Today is Wednesday, June 7, which is also just three days before...
U.S. women sharpened skills and coiffures for Worlds
By Mike Finn
There was something different about Clarissa Chun when she defeated Alyssa Lampe, June 11, in Oklahoma City, Okla., for the 105.5-pound spot on the U.S. World Championship team.
It wasn’t just that Chun dominated — out-scoring Lampe by a 24-2 margin in two matches in their Championship Series — someone who defeated the native of Hawaii for a spot on last year’s World Team.
The only thing missing from Chun’s game this year was … her hair.
In less than three months after winning her third U.S. Open championship in April, the 29-year-old Chun chopped off much of her hair … before future opponents could.
“I recently went to Mongolia (for a tournament) and they were ripping my hair out when they grabbed my pony tail,” said Chun. “I looked at them and said, “Serious?” They’d look at me and laughed.”
There was nothing funny about how sharp Chun was in the Cox Convention Center as the 2008 World champion showed very little emotion after beating Lampe for her third World Championship appearance.
“I am so happy that I get to represent the U.S. again,” said Chun. “I just want to win the Worlds, I want to win the Olympic Trials. I should have celebrated more.”
Perhaps the pain of missing last year’s Worlds remained in the head of Chun, who also had to overcome a dislocated shoulder prior to the 2009 Worlds that still affected her a year later.
“Spending time rehabing takes time away from being on the mat, getting conditioning and timing,” recalled Chun. “It really stunk watching my competition and not being able to represent the U.S.”
There is indeed a different mindset among the four women who earned spots at the four Olympic weights. (The three remaining weights will be determined on July 2 in Colorado Springs.)
And no American woman is more focused than 2010 World silver medalist Elena Pirozhkova, who was born in Russia, but will represent her adopted country for the fourth time at 138.75 pounds after she defeated Adeline Gray, normally a 147-pounder, who dropped down to the Olympic weight in Oklahoma City.
As the highest finisher among the U.S. women in the 2010 Worlds in Moscow, Pirozhkova reluctantly takes over the leadership role for the American team this September in Turkey.
“I don’t want to put myself in that position, but maybe,” said Pirozhkova, who wore her usual pigtail look at the 2011 World Team Trials.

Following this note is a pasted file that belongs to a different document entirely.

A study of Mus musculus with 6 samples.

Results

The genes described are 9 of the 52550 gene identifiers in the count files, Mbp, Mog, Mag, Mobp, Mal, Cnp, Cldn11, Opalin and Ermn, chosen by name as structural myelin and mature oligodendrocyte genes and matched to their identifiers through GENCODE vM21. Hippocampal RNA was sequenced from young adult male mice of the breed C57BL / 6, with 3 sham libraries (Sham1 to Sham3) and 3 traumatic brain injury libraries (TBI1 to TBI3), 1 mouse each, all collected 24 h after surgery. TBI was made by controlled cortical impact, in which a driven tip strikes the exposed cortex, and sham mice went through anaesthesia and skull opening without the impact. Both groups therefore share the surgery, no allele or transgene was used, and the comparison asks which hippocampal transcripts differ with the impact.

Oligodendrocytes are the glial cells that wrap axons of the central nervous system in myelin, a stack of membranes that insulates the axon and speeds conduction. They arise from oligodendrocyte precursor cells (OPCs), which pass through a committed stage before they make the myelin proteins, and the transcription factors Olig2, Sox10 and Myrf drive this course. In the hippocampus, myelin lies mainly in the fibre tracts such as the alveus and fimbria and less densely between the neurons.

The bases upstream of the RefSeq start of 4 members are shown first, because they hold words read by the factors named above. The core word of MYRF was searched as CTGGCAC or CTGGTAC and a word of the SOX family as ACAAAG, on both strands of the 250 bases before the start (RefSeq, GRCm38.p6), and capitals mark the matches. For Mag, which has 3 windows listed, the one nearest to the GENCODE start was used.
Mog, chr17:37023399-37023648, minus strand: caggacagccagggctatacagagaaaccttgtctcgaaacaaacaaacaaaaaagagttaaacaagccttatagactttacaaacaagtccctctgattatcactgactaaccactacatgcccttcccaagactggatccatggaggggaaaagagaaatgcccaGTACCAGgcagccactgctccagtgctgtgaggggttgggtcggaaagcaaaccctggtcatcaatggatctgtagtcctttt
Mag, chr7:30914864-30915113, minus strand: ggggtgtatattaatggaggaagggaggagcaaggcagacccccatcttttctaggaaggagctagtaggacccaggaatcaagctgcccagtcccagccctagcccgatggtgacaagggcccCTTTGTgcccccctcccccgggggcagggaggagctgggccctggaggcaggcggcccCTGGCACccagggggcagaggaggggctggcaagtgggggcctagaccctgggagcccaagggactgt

“I think the best thing a leader can do is lead by example. If the other girls can look at what I do, they are more than welcome to follow in my footsteps. I’m trying to do all the right things and feel that I have shown that.”
Oddly, one reason Pirozhkova, who grew up in Massachusetts after moving with her family when she was a child, did so well in last year’s Worlds is that she decided not to let any problems sideline her.
“I think it was my mental gameplan,” she recalled. “I didn’t work out three weeks before the Worlds because I had a concussion and could not work out.
“The biggest thing I had was the mental approach because my coach kept telling me that I could win this. My mental approach was really right on.
When I came in and had not worked out for a whole month, I remember saying to myself that it didn’t matter. I’m going to have fun with this. I was relaxed. I still got a little nervous but I really just enjoyed the whole experience. I would not give up and felt really focused.”
The other two Olympic weights determined in Oklahoma City were by two women who got a rebirth in the spot after continuing their training in Canada after finishing second in the 2010 World Team Trials.
At 121 pounds, Helen Maroulis dominated Ashley Hudson in two periods for her second World Team birth. (The native of Magruder, Md., finished eighth in the 2008 Worlds.)
At 158 pounds, Ali Bernard, the 2008 Olympian, defeated 2005 World champion Iris Smith, who forced a third period in Match 2 during the Championship Series.
To prepare for these moments, Maroulis spent this past year at Simon Fraser University in Vancouver while Bernard continued to wrestle and study at the University of Regina in Saskatchewan.
“I left home and went to Northern Michigan when I was 16,” said Maroulis, who attended the United States Olympic Education Center before also attending Missouri Baptist. “That was a transition. I’ve been trying to find out what works for me.”
That included moving up to 121 after competing the past three years at 112.5.
“I had some struggles with my weight last year,” she said. “It’s coming together for the Olympic year.”
“The 25-year-old Bernard believes the clock is ticking for her.
“I’ve had some up and downs and always seem to come back because I have the unfulfilled goal of being a World medalist and Olympic champion,” said Bernard, who finished fifth in Beijing three summers ago. “I’ve been doing this so long that it felt weird to stop.”
“I’m getting up there in my age. I want to do other things after wrestling. I feel like I have a couple more years of good wrestling yet.”
For these American women, this year’s Worlds are now the focus. But like the men, the Olympics are the ultimate goal on the horizon. And many are treating making this year’s U.S. team as a critical first step.